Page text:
23 January 2012

According to a report in the Sunday Times, McDonald's has used nearly £30m from a state plan, intended to slash youth joblessness, in order to train its own employees rather than create jobs

The reason the report may cause a stir is that McDonald's is one of the largest providers under the scheme, according to the ST, and has so far trained 17,500 of its 72,000 British staff over the past three years.

In addition, fears have been raised that companies are using taxpayers' funds to subsidise training they would be carrying out as a matter of course, rather than improving the skills of young people who would otherwise be unemployed.

The funding is derived from an announcement in October 2010 by the Department for Business, Innovation & Skills (BIS) that it was boosting spending on apprentices by £250m to give thousands of them jobs. This is particularly crucial at the moment because the number of unemployed 16-24-year-olds is at a record high.

The company's involvement in the scheme has, thus far, been well publicised. The Swindon Advertiser, for instance, recently ran an article emphasising the fact that restaurants in the chain across the town had celebrated the first 20 employees in Swindon to have gained an apprenticeship as part of McDonald's investment in local people.

A few weeks earlier, Get Reading announced the Reading East MP was “lovin’ it” when he visited the centre in Reading where McDonald’s apprentices are trained. Rob Wilson apparently went to the restaurant chain’s training centre in Friar Street to chat about the apprentice scheme with a group of young people taking part.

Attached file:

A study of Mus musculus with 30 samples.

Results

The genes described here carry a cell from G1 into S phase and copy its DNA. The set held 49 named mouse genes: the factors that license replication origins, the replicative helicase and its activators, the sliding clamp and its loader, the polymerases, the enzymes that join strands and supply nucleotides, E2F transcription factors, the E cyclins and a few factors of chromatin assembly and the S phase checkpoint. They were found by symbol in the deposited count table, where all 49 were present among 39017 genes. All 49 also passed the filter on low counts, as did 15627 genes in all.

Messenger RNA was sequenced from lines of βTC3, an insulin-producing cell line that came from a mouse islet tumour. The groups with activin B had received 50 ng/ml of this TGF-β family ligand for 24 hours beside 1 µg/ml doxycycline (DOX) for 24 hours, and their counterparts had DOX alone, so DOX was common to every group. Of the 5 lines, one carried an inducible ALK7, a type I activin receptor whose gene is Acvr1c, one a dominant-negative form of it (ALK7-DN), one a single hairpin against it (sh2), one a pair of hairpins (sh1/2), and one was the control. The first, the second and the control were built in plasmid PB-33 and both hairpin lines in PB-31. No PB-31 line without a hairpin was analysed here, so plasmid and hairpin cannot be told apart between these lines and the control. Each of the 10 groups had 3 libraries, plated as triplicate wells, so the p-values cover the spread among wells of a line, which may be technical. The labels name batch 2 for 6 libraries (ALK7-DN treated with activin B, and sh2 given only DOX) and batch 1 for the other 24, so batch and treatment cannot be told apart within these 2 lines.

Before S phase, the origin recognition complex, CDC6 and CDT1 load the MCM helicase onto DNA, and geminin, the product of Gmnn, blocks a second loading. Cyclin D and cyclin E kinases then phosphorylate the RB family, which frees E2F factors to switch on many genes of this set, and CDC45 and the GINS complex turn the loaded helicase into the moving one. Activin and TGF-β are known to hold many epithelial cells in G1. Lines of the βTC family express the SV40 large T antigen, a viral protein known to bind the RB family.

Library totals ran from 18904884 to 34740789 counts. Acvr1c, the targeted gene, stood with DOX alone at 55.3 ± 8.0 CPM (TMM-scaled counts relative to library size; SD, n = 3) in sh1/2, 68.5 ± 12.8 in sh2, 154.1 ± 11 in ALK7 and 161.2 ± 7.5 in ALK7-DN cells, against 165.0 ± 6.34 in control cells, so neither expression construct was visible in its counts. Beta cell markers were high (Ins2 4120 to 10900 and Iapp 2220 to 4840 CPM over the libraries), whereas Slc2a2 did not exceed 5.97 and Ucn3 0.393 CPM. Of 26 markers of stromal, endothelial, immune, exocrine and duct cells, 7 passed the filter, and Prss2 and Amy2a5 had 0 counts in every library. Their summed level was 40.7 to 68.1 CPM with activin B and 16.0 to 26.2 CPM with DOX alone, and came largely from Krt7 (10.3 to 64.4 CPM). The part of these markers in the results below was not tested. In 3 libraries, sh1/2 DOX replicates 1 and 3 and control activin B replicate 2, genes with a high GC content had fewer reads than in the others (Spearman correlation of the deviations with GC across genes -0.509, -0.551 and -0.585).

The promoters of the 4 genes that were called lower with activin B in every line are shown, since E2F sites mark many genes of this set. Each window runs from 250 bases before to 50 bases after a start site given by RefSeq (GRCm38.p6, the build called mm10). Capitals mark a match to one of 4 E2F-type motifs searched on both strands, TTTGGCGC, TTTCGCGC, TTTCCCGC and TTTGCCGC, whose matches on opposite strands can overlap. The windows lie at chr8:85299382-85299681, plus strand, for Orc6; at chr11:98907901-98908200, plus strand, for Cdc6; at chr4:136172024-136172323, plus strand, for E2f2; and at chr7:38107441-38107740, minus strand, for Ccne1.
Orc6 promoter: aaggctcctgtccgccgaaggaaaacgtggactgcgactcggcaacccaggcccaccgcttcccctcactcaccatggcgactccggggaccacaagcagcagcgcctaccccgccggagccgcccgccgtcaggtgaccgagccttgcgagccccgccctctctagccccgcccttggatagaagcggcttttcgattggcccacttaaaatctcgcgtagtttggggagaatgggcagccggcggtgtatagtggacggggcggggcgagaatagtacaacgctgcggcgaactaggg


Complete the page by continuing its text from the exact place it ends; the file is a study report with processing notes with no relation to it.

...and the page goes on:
He used the opportunity to present qualification certificates to the latest cohort of trainees to pass their exams.

Wilson was reported by Get Reading as saying: “I was delighted to see so many young people working and up-skilling at the same time and I therefore congratulate all those successful in completing their apprenticeship with McDonald’s. I strongly believe in the value of apprenticeships.

“They give both young people and adults an opportunity to learn skills in a work-based setting and McDonald’s is doing a fantastic job in providing apprenticeship opportunities. I visited the training centre here in Reading last year and I was impressed with the company’s investment in education for its staff.

“Academia is not always right for everyone and this team of young people are a credit to the company and I wish them luck in their future career.”

Skills development in the manufacturing sector has become particularly important recently, which is what led to the development of Appetite for Skills, a student workshop associated with Appetite for Engineering and Food Processing, which will take place at the University of Lincoln’s National Centre for Food Manufacturing (NCFM) on 27 March.